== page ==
Recently I was excited to learn that a publisher wanted to publish one of my poetry manuscripts. It’s been tough to get a second poetry book published. For the first, Kiki, published by Chaudiere Books in 2014, I had a great experience. I was working with two dear friends: rob mclennan and Christine McNair, the publishers of Chaudiere Books. rob sent me an invitation to send a manuscript and accepted it quickly. The contract was straight-forward and had reasonable terms. Christine’s design and layout was wonderful, the book itself is a work of art. rob did a great job of promoting the work. Unfortunately after a few years, the press wasn’t able to continue. Chaudiere couldn’t get any support from the Canada Council for the Arts, which is vital to new publishers in Canada. Invisible Publishing took ownership of the catalogue and has done a superb job of promoting and supporting Chaudiere’s titles. I even received royalties for the book this year from Invisible after more copies were sold.
I have 8 unpublished book-length poetry manuscripts, along with a visual poetry work-in-progress I am seeking homes for. This year I decided to send out my manuscripts for consideration again. Most of them had already been rejected a few times, and I’ve made some serious edits to them. For the most part, I received kind and timely rejections, which is totally fine. I can handle rejection. I won't put up with silence or fishiness.
When I received the acceptance for one of my poetry manuscripts, I admit I was cautious about being happy about it. The publisher didn’t send me an e-mail acceptance, but instead insisted we talk over Zoom. I was immediately on my guard. If it was accepted, why not just send an e-mail? The conversation went ok. The publisher wanted to me to describe the work for some reason, and also wanted to discuss the previous publications of part of the work. The work included several sections that had been previously published as chapbooks, but most of them are out of print, so I didn’t see the big deal and the publisher seemed to agree. Then I was sent the contract. Big red flags. A noncompetition clause that would mean I wouldn’t be able to publish any poetry book anywhere else for an unlimited term because the term of the agreement had no end date except “term of copyright” which in Canada, it turns out means 50 years after the author dies. There were lots of other red flags as well. Even though the publisher knew that parts of the manuscript had been previously published, I had to agree in the contract that the work wasn’t available elsewhere. I couldn’t do that. The contract didn't state anywhere that I hold the copyright to the work.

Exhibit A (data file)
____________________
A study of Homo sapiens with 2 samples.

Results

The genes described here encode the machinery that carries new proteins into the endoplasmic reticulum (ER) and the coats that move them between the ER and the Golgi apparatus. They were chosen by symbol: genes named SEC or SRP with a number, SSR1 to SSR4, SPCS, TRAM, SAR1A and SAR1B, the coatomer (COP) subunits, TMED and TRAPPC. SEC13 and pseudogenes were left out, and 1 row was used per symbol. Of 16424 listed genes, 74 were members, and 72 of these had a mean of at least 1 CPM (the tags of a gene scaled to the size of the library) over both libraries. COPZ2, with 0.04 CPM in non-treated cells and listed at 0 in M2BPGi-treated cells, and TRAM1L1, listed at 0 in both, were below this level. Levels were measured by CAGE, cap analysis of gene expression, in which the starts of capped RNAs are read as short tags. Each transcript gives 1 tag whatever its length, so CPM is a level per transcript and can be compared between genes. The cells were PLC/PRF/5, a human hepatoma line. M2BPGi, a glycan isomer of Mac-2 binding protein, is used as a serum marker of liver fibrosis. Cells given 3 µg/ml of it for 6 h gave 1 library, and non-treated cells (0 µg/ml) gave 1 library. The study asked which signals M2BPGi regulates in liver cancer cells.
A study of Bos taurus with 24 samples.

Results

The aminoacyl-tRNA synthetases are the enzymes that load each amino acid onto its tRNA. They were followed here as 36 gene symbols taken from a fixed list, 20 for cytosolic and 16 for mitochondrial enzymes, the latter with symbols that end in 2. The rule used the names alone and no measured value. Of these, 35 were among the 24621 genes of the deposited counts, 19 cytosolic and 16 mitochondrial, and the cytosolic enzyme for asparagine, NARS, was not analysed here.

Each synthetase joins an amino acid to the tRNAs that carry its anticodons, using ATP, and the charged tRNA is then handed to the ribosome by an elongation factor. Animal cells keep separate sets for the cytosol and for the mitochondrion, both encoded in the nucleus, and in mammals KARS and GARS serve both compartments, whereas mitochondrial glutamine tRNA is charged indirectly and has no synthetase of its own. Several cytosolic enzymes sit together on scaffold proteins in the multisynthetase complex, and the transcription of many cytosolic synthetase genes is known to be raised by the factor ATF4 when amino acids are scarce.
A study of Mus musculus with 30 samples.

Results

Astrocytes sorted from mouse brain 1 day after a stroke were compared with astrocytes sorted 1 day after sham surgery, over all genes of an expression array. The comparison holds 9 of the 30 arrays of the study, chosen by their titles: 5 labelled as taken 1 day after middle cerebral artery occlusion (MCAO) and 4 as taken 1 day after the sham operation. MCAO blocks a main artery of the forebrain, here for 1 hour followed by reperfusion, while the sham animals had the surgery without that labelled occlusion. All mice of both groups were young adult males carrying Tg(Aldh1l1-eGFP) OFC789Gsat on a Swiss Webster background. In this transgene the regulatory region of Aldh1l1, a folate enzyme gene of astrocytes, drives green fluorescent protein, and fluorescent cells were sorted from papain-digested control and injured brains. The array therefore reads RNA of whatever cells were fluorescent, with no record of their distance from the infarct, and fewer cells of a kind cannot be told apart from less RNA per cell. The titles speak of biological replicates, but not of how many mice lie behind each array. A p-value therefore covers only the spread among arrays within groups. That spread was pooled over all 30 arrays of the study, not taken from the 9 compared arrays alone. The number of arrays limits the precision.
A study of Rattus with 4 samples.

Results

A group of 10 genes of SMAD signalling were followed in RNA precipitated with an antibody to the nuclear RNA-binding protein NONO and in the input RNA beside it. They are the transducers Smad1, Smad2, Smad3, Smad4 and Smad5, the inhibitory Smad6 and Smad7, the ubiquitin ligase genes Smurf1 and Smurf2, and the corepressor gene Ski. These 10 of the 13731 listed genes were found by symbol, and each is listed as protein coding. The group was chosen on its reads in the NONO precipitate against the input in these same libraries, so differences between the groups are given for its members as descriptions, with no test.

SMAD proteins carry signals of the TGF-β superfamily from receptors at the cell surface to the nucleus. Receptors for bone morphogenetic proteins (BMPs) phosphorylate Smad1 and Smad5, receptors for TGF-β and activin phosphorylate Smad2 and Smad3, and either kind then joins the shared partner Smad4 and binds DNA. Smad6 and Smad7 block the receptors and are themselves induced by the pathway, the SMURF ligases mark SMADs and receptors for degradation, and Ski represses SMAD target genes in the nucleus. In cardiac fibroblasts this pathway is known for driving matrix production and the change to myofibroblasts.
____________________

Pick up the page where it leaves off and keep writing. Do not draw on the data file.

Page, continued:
Comparing the warnings in the kit against the contract from the publisher, I realized this was a bad deal. They offered an advance that was significantly lower than other contracts I’ve seen and my own contract with Chaudiere Books, and half the number of complementary copies as well. This isn't a big deal since I was planning to donate the advance and royalties to a charity supporting homeless women because the book dealt with homelessness, but it was an indication of the publisher's nature already. The publisher even gave me only seven days to review the contract. TWUC recommends at least sixty days. Many people would negotiate to get a better contract, but since I was faced with bad faith right from the earliest contact with the publisher, I took it as a sign that they are not interested in treating me fairly.
I know it’s tempting to just agree to any contract as long as you’re published, but I think it’s dangerous to accept bad terms. I’ve seen contracts like this go awry in my previous experience in business. Bad faith at the start of a business relationship usually leads to bad business practices and unfair treatment. While the publisher wanted to talk on the phone about it, they didn't indicate in any way that they agreed with the issues I had with the contract. Unwillingness to put anything in an e-mail is also a bad sign, in my opinion.
My advice is to do your homework before signing a contract: read the documents from TWUC, ask to see other friends’ contracts. And don’t be so willing to get published that you’ll sign a fishy contract.
This is not about money. It's about making sure you aren't agreeing to something that will hamper your future abilities to have your work published elsewhere. As a writer, you should always own your own copyright and that should be clearly stated in a contract. And you shouldn't have to agree to a limitless and vague noncompetition clause just for the "privilege" of being published. A poet is someone who understands the value of words. Why would we disregard them in a contract?